GRAS Classification of Gases for the Food Industry

The United States Food and Drug Administration (FDA) classifies about 80% of the US food supply. The FDA is also responsible for reviewing the food product’s packaging along with its ingredients. There are ingredients that do not change the food product’s taste or makeup and are present for reasons such as shelf preservation, color and aroma. These added ingredients are classified Generally Recognized As Safe (GRAS). Industrial gases that are employed in the food industry for Modified Atmosphere Packaging (MAP) and refrigeration are classified as such.

History

In 1958 Congress enacted the Food Additives Amendment to the Federal Food, Drug and Cosmetic Act. One item included in the amendment was the definition of food additive:

“Any substance the intended use for which results or may reasonably be expected to result, directly or indirectly, in its becoming a component or otherwise affecting the component of food.”

Excluded are like gas mixtures which are not considered additives and are considered GRAS.

In the late 60’s cyclamate salts, which were employed to artificially sweeten soft drinks and grouped as GRAS, were brought into question. The outcome incited then President Nixon to call on the FDA to reevalute the components that were considered GRAS. In 1997, the FDA declared that they did not have enough resources to carry out all the demands that they were receiving for substances to be classified.

Since then, the materials that were originally considered GRAS were keeping their classification and can be found in the Code of Federal Regulations (21 CFR). All substances that requested classification after 1997 were given a GRAS Notice which is concluded by individual experts outside the government. In simpler terms, a GRAS classification before 1997 was sanctioned by the FDA and later than 1997 by consensus of recognized experts then quickly reviewed by the FDA.

How does this apply to gases used in MAP?

The most important point to be remembered is that there is no federal certification granted to industrial gases utilized for food processing be it freezing, formulation or packaging. The gases that are considered GRAS are carbon dioxide, helium, nitrogen, nitrous oxide and propane. The Code of Federal Regulations section 184.1 details each of these gases, with respect to suitability, with the same phrasing. This, in part, is:

· The ingredient must be of a purity suitable for its intended use.

· In accordance with 184.1--- (last three numbers identify the gas), the ingredient is used in food with no limitations other than current good manufacturing practice. The affirmation of this ingredient as generally recognized as safe (GRAS) as a direct human food ingredient is based upon the following current good manufacturing conditions of use:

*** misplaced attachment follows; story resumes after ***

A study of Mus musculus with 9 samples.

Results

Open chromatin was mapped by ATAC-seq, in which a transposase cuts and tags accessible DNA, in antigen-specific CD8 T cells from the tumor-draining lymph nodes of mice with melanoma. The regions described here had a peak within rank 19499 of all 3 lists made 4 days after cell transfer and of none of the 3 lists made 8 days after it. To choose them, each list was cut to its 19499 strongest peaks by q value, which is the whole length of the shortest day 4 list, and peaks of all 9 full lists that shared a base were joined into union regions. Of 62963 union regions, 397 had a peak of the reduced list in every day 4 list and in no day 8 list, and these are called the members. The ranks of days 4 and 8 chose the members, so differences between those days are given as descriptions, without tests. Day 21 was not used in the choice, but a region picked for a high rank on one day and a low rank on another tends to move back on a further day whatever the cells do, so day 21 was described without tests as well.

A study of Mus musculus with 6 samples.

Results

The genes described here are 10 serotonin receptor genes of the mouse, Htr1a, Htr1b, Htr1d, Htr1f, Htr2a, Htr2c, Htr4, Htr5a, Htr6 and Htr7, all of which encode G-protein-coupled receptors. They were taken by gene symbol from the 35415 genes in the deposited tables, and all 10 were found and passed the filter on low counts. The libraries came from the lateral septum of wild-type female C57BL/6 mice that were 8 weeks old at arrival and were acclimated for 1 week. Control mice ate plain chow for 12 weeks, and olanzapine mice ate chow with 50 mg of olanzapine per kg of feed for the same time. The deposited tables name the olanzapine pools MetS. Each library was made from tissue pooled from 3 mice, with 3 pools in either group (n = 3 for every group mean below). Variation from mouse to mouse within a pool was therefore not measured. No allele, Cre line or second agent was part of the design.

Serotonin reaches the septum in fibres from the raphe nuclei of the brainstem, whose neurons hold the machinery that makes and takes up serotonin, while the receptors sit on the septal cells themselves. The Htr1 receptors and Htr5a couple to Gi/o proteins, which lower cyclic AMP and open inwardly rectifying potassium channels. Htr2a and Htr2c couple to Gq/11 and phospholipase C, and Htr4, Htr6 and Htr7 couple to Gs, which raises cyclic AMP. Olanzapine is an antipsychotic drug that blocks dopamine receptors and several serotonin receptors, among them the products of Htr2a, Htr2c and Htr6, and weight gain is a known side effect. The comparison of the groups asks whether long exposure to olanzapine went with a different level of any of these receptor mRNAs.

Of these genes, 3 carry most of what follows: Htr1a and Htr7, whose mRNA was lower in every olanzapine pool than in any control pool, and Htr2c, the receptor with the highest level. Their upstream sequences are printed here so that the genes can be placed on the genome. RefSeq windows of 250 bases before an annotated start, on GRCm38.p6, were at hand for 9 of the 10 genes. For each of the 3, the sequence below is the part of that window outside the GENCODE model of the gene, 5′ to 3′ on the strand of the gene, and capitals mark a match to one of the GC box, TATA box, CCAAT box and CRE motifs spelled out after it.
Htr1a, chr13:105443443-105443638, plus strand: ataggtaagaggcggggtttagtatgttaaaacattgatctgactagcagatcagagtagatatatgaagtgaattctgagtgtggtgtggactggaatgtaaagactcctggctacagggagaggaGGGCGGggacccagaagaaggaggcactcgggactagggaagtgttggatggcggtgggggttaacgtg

o The ingredient is used in food at levels not to exceed current good manufacturing practice.

o Prior sanctions for this ingredient different from the uses established in this section do not exist or have been waived.”

As declared above, gas suppliers are only responsible for the purity of the gas product and the other sanctions (i.e. … proper manufacturing practices…) are regulated by the food processor or the gas supplier’s customer.

Likewise, hydrogen, carbon monoxide and argon were identified as ingredients after 1997 and are not listed in 21 CFR. They have since that time been given a GRAS Notice under the heading of “No Questions” which insinuates that the FDA had no questions as to the validity of the outside expert’s classification.

The important fact to take from this article is that the any gases labeled “Food Grade” have been certified in house by the manufacturer instead of by the FDA. The certification is by purity determined by adequate handling and manufacturing practices until the product reaches its final package (cylinders, micro-bulk vessels, transports and large cryogenic vessels). Food processors have been conditioned to keep an eye out for food grade products and prefer to see clean packages with clear labels. So having dedicated “food grade” cylinders and/or tanks is necessary to succeed in this market as is evidenced by the major companies naming and trademarking their respective lines of food grade gases.

More information on food grade gases and MAP applications can be found through PurityPlus. If you would like to purchase food grade gases or other specialty gases for various industries in Mexico, contact Criogas at 01-800-400-CRIO or contact us via email at informes@criogas.com.

Written by John Segura.

John Segura is a licensed Professional Engineer and a experienced executive in the industrial gas industry. He has spent over 30 years gaining experience in marketing, sales, and operations for both domestic and international affairs. He has been a leader to teams of engineers and technicians as an R & D manager for major gas companies. His work guided him to be the leader of the marketing efforts of technology worldwide for industrial gas suppliers. He now consults to the industry on the business specializing in operations, applications and marketing.